By Published on .

Kevin Durant dunks the ball as LeBron James watches.
Kevin Durant dunks the ball as LeBron James watches. Credit: Pool/Getty Images

According to Nielsen live-plus-same-day data, the first two games of this year's Cleveland Cavaliers-Golden State Warriors title tilt delivered an average audience of 19.2 million viewers and a 10.6 household rating, up 4% from the year-ago 18.4 million viewers and up a tick versus last season's 10.5 rating.

Another 410,000 average-minute viewers have tuned in to the Finals via ESPN's streaming app, according to ESPN.

The series between the Cavs and Warriors, their third Finals matchup in three years, thus far is averaging a 7.0 rating in the adults 18-to-49 TV demo, which works out to a hair shy of 9 million people. By comparison, the first two games of the 2016 NBA Finals averaged a 6.9 in the demo.

Despite outscoring Cleveland by 19 points, Golden State's offensive juggernaut on Sunday night largely kept viewers tuned in until the final horn sounded. (With an average draw of 19.7 million viewers, Sunday's shoot-around was the most-watched Game 2 since 1998, when the retiring Michael Jordan and the Chicago Bulls beat the Utah Jazz in front of a national TV audience of 26.7 million fans.) Kevin Durant and Steph Curry combined for 65 of the Warriors' 132 points, which were the most buckets scored in an NBC Final since the Lakers hung up 141 against the Celtics back in 1987.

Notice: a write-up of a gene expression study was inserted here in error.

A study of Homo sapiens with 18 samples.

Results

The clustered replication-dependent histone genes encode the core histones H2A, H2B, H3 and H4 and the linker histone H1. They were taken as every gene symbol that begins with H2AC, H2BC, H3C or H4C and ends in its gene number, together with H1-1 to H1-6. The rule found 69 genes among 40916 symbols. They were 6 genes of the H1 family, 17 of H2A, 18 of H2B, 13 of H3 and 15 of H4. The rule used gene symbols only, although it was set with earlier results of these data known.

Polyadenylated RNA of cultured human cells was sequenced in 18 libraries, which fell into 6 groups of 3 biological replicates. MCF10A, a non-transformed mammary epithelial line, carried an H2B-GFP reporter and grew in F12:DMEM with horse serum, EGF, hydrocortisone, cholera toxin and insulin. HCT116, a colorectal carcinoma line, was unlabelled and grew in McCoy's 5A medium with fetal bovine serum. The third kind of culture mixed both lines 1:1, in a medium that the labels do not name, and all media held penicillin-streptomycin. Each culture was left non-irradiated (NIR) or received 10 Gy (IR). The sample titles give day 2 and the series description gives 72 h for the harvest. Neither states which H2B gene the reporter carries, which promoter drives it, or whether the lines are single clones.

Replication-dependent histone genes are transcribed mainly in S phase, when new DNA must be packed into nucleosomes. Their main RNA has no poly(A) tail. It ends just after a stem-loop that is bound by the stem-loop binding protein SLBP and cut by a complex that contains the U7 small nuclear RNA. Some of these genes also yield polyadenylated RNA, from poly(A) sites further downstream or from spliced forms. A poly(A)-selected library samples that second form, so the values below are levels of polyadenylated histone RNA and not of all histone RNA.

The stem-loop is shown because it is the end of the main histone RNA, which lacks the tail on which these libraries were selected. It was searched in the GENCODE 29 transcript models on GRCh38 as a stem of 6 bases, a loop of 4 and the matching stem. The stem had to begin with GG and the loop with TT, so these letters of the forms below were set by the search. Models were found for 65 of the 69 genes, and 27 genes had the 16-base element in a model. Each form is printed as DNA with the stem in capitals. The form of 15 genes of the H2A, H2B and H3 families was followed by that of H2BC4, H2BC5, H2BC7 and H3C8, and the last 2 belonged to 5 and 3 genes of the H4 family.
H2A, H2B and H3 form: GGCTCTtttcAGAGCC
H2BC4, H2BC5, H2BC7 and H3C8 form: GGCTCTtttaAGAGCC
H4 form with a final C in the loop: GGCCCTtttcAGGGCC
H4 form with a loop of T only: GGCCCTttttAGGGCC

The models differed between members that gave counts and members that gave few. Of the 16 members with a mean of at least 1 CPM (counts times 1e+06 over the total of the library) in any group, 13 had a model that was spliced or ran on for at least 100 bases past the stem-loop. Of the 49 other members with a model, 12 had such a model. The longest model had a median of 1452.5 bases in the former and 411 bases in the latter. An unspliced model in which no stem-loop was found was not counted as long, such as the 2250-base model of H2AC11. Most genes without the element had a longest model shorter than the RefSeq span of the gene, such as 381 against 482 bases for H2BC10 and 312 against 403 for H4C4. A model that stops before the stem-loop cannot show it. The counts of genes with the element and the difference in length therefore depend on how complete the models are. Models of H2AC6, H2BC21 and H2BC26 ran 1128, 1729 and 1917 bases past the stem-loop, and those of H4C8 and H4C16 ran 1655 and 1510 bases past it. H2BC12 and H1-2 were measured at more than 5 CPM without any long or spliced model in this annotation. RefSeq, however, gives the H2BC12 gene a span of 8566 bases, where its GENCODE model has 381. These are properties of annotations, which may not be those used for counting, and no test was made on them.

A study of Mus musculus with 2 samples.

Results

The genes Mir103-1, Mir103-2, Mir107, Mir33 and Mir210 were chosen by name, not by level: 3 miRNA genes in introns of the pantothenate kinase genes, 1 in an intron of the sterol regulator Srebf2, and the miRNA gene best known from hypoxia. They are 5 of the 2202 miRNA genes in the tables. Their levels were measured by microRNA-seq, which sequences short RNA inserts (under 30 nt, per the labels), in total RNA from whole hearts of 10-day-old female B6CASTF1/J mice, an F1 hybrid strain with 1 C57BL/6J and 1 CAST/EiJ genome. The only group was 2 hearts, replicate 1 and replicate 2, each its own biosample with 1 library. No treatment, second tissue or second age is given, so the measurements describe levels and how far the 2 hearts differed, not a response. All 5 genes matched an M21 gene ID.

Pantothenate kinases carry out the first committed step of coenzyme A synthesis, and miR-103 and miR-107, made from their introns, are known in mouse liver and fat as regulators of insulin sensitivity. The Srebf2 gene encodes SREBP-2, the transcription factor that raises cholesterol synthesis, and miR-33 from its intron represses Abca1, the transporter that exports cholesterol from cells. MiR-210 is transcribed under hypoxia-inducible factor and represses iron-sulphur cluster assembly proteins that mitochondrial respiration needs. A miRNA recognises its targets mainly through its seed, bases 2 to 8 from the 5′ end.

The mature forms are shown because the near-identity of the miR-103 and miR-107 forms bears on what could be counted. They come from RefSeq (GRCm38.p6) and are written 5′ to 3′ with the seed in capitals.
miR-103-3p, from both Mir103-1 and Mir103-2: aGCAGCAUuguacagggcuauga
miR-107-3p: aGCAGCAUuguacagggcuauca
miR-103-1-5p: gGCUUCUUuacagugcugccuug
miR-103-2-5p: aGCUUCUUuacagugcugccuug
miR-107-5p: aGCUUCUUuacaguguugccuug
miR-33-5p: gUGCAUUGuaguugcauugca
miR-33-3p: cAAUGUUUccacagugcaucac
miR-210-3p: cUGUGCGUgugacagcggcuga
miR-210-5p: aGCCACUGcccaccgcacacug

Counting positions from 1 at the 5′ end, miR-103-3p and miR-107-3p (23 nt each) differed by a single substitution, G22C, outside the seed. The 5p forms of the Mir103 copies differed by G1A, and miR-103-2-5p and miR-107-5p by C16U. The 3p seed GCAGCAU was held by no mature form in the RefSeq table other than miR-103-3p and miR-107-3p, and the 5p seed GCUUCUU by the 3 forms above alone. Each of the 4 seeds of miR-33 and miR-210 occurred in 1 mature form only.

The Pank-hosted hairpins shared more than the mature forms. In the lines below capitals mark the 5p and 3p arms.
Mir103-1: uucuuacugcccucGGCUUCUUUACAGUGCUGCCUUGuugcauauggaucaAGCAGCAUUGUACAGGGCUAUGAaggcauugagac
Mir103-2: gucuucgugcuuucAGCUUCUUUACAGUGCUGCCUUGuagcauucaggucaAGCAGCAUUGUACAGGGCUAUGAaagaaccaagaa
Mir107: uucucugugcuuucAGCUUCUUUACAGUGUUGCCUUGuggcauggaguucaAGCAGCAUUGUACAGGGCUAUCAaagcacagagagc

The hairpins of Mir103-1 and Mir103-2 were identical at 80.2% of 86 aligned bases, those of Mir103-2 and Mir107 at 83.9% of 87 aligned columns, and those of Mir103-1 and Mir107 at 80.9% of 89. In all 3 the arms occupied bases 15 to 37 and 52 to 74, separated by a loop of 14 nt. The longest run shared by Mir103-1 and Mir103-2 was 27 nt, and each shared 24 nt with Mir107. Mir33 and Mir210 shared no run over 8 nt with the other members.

As was the case a year ago, the Warriors have blown out the Cavs in two consecutive outings to take a commanding 2-0 lead in the best-of-seven series. And while history suggests that the Cavs still have a puncher's chance -- after all, LeBron James and Co. last June became the first NBA team to rebound from a 3-1 deficit, earning Cleveland its major pro sports title since 1964 -- last year's Warriors squad didn't feature the lethal Durant, who already has 71 points to his name to go along with 22 rebounds.

So even though ABC is currently on track to put up the biggest NBA Finals deliveries since MJ's last hurrah, everything depends on Cleveland putting together another rally for the ages -- one that would be even more impressive. Golden State hasn't lost a single game since the tournament began in mid-April, and Durant and Curry are putting on a show that would make Jordan and Pippen proud.

Last year's NBA Finals averaged 20.3 million viewers and an 11.4 household rating. Game 7 delivered a towering 31 million viewers and a 15.8 household rating, making it the most-watched, highest-rated NBA broadcast since Game 6 of the 1998 Finals.

As much as a sweep represents the unthinkable for ABC, the Warriors look like they may be the most dominant team since the 1965-'66 Celtics, the 1987-'88 Lakers or those Jordan-era Bulls. If Durant and Curry continue to dominate King James and his court, ABC could leave as much as $130 million in ad sales revenue on the table.

The series moves to Cleveland on Wednesday.